The four main causes of stillbirth are fetal abnormality, pre-eclampsia, premature birth and fetal growth restriction (FGR). Our research centre in Manchester is focusing on the main cause of stillbirth: fetal growth restriction due to problems with placental blood flow. We are undertaking a whole series of projects looking at this and you can see the ones most related to stillbirth below.
The stillbirth research programme focuses on:
- understanding the causes of stillbirth and developing new diagnostic tools
- preventing stillbirths by identifying babies at risk
- developing new national guidelines for health professionals.
In the London research centre, a research trial called PITCHES, is focusing on two diseases of pregnancy, bstetric cholestasis and diabetes, that are associated with stillbirth.
See how far we've come since 2000, download our stillbirth impact report (pdf).
The Placenta Clinic
This centre set up the Manchester Placenta Clinic in January 2009. The aim of this clinic, the first of its kind in the UK, is to combine specialised antenatal care for women with pregnancies affected by fetal growth restriction with frontline research into why the condition occurs and how it might be treated. By creating such a close link between clinical researchers and patients, we hope to increase the speed at which research advances can be made.
The Rainbow Clinic
The Rainbow Clinic cares for and treats patients who have suffered a previous stillbirth. As well as providing specialised care for parents at this very anxious time of their lives, it has improved research into the causes of stillbirth.
The Tommy's Rainbow Clinic is part of the Tommy's Stillbirth Research Centre at St Mary's Hospital in Manchester. It provides specialist antenatal care for women who have suffered a previous stillbirth or neonatal death.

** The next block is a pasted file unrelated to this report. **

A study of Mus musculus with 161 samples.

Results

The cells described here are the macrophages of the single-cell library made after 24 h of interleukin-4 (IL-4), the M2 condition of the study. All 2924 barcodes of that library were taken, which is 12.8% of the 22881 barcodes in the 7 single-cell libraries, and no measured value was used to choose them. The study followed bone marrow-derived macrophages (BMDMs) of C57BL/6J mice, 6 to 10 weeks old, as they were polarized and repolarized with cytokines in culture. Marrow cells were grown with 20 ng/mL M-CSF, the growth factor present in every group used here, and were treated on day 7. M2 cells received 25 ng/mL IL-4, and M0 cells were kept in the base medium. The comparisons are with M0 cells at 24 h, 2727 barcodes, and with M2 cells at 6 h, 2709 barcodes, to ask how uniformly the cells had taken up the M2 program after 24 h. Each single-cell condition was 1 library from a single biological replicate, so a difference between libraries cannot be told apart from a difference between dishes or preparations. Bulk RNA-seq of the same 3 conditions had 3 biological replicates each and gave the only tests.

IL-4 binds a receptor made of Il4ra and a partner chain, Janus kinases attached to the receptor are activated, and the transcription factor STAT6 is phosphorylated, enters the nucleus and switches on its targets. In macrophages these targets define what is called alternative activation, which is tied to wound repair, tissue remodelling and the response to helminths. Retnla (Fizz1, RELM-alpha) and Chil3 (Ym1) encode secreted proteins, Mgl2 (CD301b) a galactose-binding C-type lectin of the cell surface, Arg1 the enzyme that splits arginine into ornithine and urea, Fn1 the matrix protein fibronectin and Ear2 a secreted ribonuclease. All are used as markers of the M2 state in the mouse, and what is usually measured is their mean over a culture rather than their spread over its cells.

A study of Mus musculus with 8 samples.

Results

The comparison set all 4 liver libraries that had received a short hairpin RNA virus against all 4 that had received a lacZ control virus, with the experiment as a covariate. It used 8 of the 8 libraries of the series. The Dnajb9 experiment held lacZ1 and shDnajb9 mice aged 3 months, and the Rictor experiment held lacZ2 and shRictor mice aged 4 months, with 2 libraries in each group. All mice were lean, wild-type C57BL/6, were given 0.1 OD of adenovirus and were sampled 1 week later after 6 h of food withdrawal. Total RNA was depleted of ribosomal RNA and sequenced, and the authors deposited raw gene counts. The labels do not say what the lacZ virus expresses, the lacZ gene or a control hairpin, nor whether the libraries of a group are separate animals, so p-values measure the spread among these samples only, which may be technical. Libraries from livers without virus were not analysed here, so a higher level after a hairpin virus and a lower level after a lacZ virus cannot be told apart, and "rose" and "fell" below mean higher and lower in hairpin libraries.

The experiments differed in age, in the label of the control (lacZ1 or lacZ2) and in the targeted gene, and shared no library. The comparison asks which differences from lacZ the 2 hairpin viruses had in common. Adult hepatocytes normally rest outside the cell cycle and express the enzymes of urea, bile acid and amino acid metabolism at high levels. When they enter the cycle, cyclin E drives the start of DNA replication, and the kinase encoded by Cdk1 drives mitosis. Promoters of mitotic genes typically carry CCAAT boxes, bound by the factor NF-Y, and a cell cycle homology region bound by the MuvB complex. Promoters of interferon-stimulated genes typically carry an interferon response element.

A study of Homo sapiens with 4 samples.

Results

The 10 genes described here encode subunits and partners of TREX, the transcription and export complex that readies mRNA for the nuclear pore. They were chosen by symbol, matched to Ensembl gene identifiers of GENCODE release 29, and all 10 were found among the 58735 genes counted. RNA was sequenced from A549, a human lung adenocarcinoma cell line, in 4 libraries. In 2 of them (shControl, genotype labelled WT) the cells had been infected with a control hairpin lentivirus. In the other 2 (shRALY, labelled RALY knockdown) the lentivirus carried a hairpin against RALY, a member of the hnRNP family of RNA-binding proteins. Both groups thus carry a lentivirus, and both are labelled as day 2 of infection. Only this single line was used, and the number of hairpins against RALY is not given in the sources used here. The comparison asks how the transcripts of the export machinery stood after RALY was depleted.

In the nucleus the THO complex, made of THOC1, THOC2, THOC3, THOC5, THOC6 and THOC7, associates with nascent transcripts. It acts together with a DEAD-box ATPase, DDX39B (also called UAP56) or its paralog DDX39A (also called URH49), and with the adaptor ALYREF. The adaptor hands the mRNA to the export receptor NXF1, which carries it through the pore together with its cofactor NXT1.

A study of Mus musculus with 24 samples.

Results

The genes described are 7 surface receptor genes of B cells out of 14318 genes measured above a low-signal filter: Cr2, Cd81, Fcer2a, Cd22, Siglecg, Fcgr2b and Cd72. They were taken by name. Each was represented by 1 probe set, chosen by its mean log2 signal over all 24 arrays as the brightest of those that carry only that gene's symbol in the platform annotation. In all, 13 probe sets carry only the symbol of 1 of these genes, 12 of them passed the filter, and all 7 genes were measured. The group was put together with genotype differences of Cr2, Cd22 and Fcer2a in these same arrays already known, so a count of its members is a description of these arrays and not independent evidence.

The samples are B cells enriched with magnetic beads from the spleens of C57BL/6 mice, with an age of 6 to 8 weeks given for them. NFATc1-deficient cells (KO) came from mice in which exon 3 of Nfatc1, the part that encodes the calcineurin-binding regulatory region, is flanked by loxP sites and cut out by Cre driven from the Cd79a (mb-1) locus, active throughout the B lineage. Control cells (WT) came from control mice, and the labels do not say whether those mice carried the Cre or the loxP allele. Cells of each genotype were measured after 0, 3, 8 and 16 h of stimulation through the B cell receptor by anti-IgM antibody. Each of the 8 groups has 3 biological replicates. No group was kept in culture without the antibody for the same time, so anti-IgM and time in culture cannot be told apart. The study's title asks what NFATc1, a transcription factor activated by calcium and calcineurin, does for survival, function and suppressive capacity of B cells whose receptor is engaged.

The Placenta Clinic, run as part of the Tommy's Stillbirth Research Centre at St Mary's Hospital in Manchester, is the largest placenta-focused research group in the world.
Tommy’s research centre in Manchester is based at St Mary’s Hospital. It was opened in 2001 and now houses 88 clinicians and scientists, researching the causes of stillbirth and finding treatments to prevent it.
In honour of National New Friends and Old Friends Week, Sam from Storms and Rainbows shares her advice on supporting a loved one through baby loss, based on her own experience of what helped.
CRY explores a father’s denial after his baby daughter is born sleeping. It is great to see this project defying the taboo around baby loss and showing that dad and partners grieve too.
'Pregnancy after loss is full of quiet excitement and joy that is often strangled by crippling anxiety and fear. The Rainbow Clinic go along way to helping lift an element of that burden.'
Following the loss of his first granddaughter, Graham took on the Boston Marathon to raise vital funds to save other parents and grandparents this heartache.